I flick through travel blogs everyday looking for my next adventure, my next opportunity to escape this cage. Yet it worries me, the impact I am having on this earth.
My selfish pursuit of instant gratification — the smells of a Moroccan spice market or the sound of freshly fallen snow, from Toronto to Marrakesh, Tokyo and Uluru — at roughly 0.85 kilograms of CO2 per kilometer, is my largest contribution of emissions to society. It sickens me to think about how much energy is wasted, how much carbon is release into the atmosphere for one single flight just so I can spend the week in a distant land.
(Related Traveler Article: As the World Sinks)
Yet the guilt I feel will forever be secondary to the joy that travelling brings me. Even though I am fully aware of the consequences of my actions I will continue to follow my dreams until the last plane has landed.
A dire predicament indeed, however, as I am not the sort of person to simply ignore my actions and pretend the world will be a better place tomorrow. I have begun to contemplate alternatives, not only for long distance travel but also for fun within our own environments as well.
I have a plan. Each year I like to do something big, something extraordinary that I can talk about long after the event itself has past and this year it will be my most marvelous yet with minimal emissions.
It is with this that I begin my proposal to embark upon a long-distance, minimal emissions tour of my home country. Now travelling around Cornwall would, in itself, be an interesting experience. However, I have something a little more ambitious planned: a full trip of the entire length of the mainland Britain. Now, Britain isn’t particularly a very large country and by conventional means the trip itself would only take roughly 23 hours split across multiple days, but the whole idea of this trip is it keep it as low emissions as possible and short of walking all the way there (a feat undertaken by a number each year) I will have to find alternative transport.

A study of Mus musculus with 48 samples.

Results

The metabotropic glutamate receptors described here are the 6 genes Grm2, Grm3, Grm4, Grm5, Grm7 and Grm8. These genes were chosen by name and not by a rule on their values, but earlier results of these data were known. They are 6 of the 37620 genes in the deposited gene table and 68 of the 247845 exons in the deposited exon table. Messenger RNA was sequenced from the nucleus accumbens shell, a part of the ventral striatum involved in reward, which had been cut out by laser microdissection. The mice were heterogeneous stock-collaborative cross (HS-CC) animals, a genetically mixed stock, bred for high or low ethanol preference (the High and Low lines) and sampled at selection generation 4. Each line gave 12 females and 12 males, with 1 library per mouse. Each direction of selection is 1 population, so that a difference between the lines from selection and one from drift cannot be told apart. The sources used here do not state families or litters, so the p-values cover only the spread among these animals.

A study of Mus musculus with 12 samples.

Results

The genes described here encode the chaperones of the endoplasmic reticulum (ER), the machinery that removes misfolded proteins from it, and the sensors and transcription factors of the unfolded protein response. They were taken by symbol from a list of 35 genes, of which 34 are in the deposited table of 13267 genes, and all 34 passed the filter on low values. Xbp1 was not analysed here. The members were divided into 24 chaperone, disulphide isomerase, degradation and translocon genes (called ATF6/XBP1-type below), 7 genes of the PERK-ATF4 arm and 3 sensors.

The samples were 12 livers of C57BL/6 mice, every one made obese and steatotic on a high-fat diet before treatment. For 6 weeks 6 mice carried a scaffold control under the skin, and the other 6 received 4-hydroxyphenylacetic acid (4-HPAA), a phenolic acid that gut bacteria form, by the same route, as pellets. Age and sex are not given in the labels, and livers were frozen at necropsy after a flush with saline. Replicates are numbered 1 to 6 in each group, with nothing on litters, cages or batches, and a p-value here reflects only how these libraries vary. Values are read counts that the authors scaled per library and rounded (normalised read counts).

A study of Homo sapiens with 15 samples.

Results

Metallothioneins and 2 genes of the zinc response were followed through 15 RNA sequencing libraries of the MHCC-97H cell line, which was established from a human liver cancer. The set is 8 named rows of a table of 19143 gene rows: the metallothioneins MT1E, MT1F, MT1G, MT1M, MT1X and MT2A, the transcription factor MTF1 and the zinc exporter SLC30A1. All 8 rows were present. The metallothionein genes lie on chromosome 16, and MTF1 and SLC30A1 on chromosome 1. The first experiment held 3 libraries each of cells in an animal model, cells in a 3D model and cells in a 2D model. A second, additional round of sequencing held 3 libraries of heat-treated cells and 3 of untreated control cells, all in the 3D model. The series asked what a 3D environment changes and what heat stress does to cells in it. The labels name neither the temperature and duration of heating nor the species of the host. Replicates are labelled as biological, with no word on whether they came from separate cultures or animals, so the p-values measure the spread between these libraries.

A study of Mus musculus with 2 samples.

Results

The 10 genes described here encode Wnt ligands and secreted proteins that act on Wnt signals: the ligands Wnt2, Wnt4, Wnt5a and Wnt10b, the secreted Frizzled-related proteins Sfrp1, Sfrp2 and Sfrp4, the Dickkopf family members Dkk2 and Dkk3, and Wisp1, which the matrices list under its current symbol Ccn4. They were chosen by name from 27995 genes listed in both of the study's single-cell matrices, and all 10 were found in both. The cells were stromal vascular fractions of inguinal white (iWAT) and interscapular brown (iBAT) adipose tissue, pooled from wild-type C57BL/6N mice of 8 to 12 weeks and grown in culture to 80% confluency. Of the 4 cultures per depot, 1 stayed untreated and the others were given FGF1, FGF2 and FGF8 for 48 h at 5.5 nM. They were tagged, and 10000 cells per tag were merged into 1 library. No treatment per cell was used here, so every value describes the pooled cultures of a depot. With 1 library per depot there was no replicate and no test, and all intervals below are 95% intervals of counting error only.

First a Little Bit of History
I was born to a less than conventional family; although perfectly ordinary on first introduction it is not long until our little secret is revealed, tucked away but still very much alive. Over a thousand years of history on the road, living as merchants, artists, and acrobats, my people emerged from the Indian subcontinent and have, in some formed or another, settled all of the habitable continents.
Although different modes of transport have been used, the most iconic of all would have to be the vardo, the brightly colored horse-drawn wagon as used by British Roma or Romnichals during the 19th century.
My family have owned a number of these wagons over the last two decades and the one currently in our possession is in dire of some tender loving care, but I feel that with some attention it will be more that suitable. I still have a lot of planning to do, but I am sure that by the time the weather starts cheering up I will be ready to embark upon my most environmentally friendly holiday yet.
Interested in Alternative Travel but Not Sure What You Can Do?
Keeping in mind that not everyone has the time or background to take month out to travel the country at one-horse speed, I have thought of some other ways that we have to reduce our energy usage and emissions on holiday.
- Consider a local vacation – look into things to do and see in your own state or country
- Short Haul? Travel by bus or rail – 1000 kilometers (621 miles) by rail produces on average 60 kilograms of CO2, and coach just 30 kilograms, compared to the average short-haul flight, which produces around 600 kilograms of CO2.
- Take a holiday for longer, reducing your relax/travel ratio
- Don’t be scared to take advantage of in-country public transport – sites such as Seat 61 have had made understanding and booking foreign trains so much easier. I once travelled overland from Bangkok to Hanoi using the information available online.
- Ever considered a walking or cycling holiday?
- Have you considered the carbon rating of the hotel or resort you will be staying at? Ethical resorts like to flaunt their carbon credentials, but if you are unsure, perhaps reconsider your five-star resort in a drought-stricken area.
This is just a selection of ways you can reduce your energy usage. If you have any suggestions to add, I would be more than happy to hear them.